Last week, the NDA’s Coal Mines (Special Provisions) Ordinance, 2014, was greeted rapturously. Comforting a country facing coal shortages, it laid out a road map for ensuring coal supplies in the wake of the Supreme Court’s order last month cancelling captive coal-block allocations. But will the ordinance fix the mess left behind by the previous captive coal-block allocation policy? As the answers to these five questions show, it’s a short-term fix — and not even the best at that — but not a long-term solution.
i reported for this story by my colleagues ravi teja sharma and avinash celestine on why real estate is in doldrums in and around delhi.
As India celebrated Diwali on Thursday, the environment ministry’s efforts to capture changes in air quality were spotty at best – with the information either inadequate or simply outdated. Given such lapses in data gathering, it’s anyone’s guess what kind of air most Indians were sucking into their lungs. In Delhi, at about 10 pm, the “real time” air quality data on the website of the Central Pollution Control Board was anything but real time. Its station at Civil Lines in north Delhi, for instance, reported air quality numbers captured on September 12, 2013. It’s not clear why the system failed to provide updated numbers.
today’s et carries an updated version of the air quality story published yesterday — the story got reworked once i got the cpcb’s answers. as things stand, its answers resolved some of the questions in the previous avatar of the story and triggered newer ones. do take a look. and, here, the q&a with the cpcb on the air quality index.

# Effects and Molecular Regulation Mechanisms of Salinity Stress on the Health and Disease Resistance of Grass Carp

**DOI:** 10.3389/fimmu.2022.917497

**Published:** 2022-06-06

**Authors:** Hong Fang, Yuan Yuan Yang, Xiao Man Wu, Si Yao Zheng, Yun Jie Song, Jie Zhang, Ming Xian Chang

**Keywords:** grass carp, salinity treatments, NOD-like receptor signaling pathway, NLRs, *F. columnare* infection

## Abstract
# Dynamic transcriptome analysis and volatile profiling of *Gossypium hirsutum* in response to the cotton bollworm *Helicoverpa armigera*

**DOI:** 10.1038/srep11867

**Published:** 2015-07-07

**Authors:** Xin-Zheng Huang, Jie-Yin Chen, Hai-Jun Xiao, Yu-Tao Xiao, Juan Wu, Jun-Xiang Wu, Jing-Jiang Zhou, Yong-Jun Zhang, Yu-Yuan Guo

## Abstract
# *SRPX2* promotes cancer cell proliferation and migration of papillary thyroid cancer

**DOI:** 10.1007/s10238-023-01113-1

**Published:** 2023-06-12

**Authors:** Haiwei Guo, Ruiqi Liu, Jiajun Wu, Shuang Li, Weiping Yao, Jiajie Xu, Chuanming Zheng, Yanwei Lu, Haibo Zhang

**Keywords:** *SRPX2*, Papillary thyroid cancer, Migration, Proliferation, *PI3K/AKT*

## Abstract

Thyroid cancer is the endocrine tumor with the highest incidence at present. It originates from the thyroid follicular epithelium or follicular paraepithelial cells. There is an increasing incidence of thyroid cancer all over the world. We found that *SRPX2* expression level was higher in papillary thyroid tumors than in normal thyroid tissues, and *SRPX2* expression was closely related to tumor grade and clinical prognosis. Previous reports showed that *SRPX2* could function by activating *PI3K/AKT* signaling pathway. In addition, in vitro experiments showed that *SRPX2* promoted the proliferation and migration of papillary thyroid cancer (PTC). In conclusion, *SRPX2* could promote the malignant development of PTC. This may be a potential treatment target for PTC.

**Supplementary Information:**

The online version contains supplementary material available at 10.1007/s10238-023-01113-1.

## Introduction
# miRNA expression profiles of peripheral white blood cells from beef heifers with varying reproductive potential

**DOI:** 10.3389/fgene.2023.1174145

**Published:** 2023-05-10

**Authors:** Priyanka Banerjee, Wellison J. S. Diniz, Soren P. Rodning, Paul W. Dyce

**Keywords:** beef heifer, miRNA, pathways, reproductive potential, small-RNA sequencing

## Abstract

all this is a followup to a story that appeared about ten days ago — on why india’s air quality data is garbage. you must see that.
About six days ago, India released a draft Air Quality Index. The idea is unexceptionable. The Index seeks to make air quality more easily comprehensible by reporting air quality not as dry numbers of raw concentrations but as colour-coded assessments of health impacts — good, moderate, poor, very poor, hazardous, etc. In this story out today, I argue, however, that for the index to be useful, fundamental problems in air quality assessments need to be fixed first.
ps: Yesterday was diwali. And, while surfing to see how air quality was faring, I saw some eye-popping numbers. See these.
Today’s ET carries a story on Chandasi – also spelt as Chandausi. It is a mandi — like the agri markets of India — but one dealing in coal. It is a fascinating place. Its architecture is similar to that of a farm mandi even though the commodities the two trade in are so different. It corrects a state failure — inability to supply coal to small businesses — but does so by sourcing illegal coal. Which makes it a benign institution. But it is also malign. The mandi is mired in local mafias, coal syndicates and what have you. And so, while the illegal enterprises supplying coal to the mandi make pots of money, the labour, the buyers, some of the traders, lead marginal existences.
also see these, my photos from the field while reporting on coalgate.
For some time now, India has been putting out her air quality numbers. Visit the website of the Central Pollution Control Board (CPCB) or the State Pollution Control Boards (SPCBs) and you will find them. In the odd city, you will see LED displays giving real-time updates on air quality in the city. How accurate are these numbers?